If you've had arthroscopic knee surgery for osteoarthritis, maybe you shouldn't have.  And if you've tried any of these treatments, there are questions, too, about whether it was worth it:

  • Pediatric Bariatric Surgery (under age 18, for obesity)
  • Discography (to diagnose back pain)
  • Virtual Colonoscopy (CTC)
  • Calcium Scoring for Cardiac Disease
  • Spinal Cord Stimulation (for pain relief)
  • Total Knee Replacement (multi-compartmental)

These treatments, and others, were evaluated by a committee of experts that looks at medical technologies that are expensive but may not be effective. Washington's Health Technology Assessment Program was created by the legislature five years ago. Its clinical committee, made up of medical professionals from a variety of disciplines, has reviewed the scientific literature for 21 treatments.

At its quarterly meeting next week, the committee will vote on whether certain blood tests make sense for children with diabetes, and on whether to deny payment on a surgery for back pain, which involves injecting pain killers around nerves in the spine.

The health assessment program falls into a growing field of study called "comparative effectiveness" research. It's meant to address a thorny question: which treatments really work?

"Health costs are going up, everybody knows this, and we spend more in this country than any other part of the world by far," says Dr. Craige Blackmore, a radiologist at Virginia Mason Medical Center in Seattle and chairman of the clinical committee. "And yet, our outcomes in this country aren’t necessarily any better than anywhere else, and one reason for that is there are a lot of things that we do for patients that aren’t necessarily beneficial."

Treatments often are approved for one condition, but then doctors start applying them in other areas, where they haven't been tested.  Also, after a medical device or treatment is approved by the federal Food and Drug Administration, it's rare for anyone to do follow-up studies on how patients are faring.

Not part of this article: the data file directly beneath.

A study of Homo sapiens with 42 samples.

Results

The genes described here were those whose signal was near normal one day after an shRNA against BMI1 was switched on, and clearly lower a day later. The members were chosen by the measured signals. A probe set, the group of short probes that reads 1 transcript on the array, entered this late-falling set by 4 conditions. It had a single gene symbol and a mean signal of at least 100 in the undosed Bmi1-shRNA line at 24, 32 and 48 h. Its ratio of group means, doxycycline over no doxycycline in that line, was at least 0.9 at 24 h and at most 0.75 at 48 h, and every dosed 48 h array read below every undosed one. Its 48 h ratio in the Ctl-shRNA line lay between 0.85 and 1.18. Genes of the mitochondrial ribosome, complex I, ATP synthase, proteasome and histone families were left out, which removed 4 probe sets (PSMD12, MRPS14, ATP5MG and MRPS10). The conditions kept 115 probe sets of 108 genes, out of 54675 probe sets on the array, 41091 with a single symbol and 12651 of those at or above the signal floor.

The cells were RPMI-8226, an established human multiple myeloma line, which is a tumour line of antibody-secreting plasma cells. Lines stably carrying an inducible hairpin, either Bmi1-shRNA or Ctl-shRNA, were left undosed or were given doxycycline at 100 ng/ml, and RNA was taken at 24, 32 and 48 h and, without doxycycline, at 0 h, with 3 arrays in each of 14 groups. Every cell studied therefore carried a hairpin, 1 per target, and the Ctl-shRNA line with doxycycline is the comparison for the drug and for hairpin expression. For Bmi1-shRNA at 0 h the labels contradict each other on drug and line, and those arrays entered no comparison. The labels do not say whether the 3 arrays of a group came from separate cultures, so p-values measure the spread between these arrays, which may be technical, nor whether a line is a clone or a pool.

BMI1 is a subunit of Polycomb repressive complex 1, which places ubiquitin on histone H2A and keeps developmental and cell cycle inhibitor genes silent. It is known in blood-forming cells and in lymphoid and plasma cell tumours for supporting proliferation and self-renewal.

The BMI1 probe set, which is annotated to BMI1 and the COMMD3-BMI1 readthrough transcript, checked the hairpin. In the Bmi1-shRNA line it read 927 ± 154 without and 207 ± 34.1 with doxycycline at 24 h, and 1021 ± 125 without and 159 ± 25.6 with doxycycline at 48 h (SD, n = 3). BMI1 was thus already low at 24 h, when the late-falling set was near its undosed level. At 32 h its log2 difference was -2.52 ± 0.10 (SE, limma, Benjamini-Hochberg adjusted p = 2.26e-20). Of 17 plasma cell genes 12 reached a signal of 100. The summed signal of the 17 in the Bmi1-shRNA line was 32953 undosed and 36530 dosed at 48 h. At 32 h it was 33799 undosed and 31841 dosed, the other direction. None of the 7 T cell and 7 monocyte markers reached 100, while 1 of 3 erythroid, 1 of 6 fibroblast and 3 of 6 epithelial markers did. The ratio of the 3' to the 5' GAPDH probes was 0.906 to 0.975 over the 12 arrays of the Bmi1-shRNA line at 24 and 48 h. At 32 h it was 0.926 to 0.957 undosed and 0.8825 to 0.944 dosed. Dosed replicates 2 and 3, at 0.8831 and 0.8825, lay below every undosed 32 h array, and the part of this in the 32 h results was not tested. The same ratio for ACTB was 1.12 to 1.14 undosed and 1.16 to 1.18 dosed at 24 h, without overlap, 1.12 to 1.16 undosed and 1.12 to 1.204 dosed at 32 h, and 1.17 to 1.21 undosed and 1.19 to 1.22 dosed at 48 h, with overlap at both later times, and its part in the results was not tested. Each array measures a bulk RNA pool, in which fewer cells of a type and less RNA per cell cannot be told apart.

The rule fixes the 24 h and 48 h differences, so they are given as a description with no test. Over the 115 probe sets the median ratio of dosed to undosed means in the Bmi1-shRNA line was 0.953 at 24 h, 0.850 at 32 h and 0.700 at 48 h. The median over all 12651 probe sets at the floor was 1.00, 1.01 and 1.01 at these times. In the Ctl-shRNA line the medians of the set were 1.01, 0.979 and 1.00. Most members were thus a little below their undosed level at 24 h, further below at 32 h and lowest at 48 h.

Interfering with doctors' and patients' choices?

The committee gets a lot of lobbying from specialists, who defend the procedures they use, and criticize the entire process of deciding which procedures should be covered and which not. Currently a group of "interventional pain specialists" is mobilized. They argue doctors should decide what they think is best for the patient -- and payment should not be withheld.

A free-market think tank, the Washington Policy Center, argues this way: "Used properly, comparative effectiveness research can help with cost-effective decision making while maintaining high standards in the practice of medicine. On the other hand, physicians spend four years in medical school and four to eight years in specialty training to be able to evaluate medical research. Having a government committee order providers to use certain treatments and diagnostic tools to use is, from a medical standpoint, arrogant, condescending and not in the best interest of patients."

Opponents pushed for legislation this year in Olympia, to dilute the power of the assessment process. But those bills appear to have died in committee.

Who is affected?

The decisions by the Health Technology Assessment program affect anyone with state-sponsored insurance, including state employees, low-income residents using Medicaid or Basic Health, and workers covered through Labor & Industries.

If a patient and doctor want to try one of the procedures that are no longer covered -- they can do it out of their own pocket.

In several cases, the committee decided to expand the payments for a treatment that had been questioned.

The decisions are watched closely, because Washington is the first state to empower a panel of experts to evaluate medical procedures. The federal comparative effectiveness program is just getting off the ground.

UPDATE: Opponents of the evaluation process plan to protest outside the meeting on the 18th, from 7:30-9:30 am. The protests are coordinated by the American Pain Foundation, which gets most of its funding from drug and medical device companies.

Keith Seinfeld is a former KNKX/KPLU reporter who covered health, science and the environment over his 17 years with the station. He also served as assistant news director. Prior to KLPU, he was a staff reporter at The Seattle Times and The News Tribune in Tacoma and a freelance writer-producer. His work has been honored by the American Association for the Advancement of Science (AAAS) and the Knight Science Journalism Fellowships at Massachusetts Institute of Technology.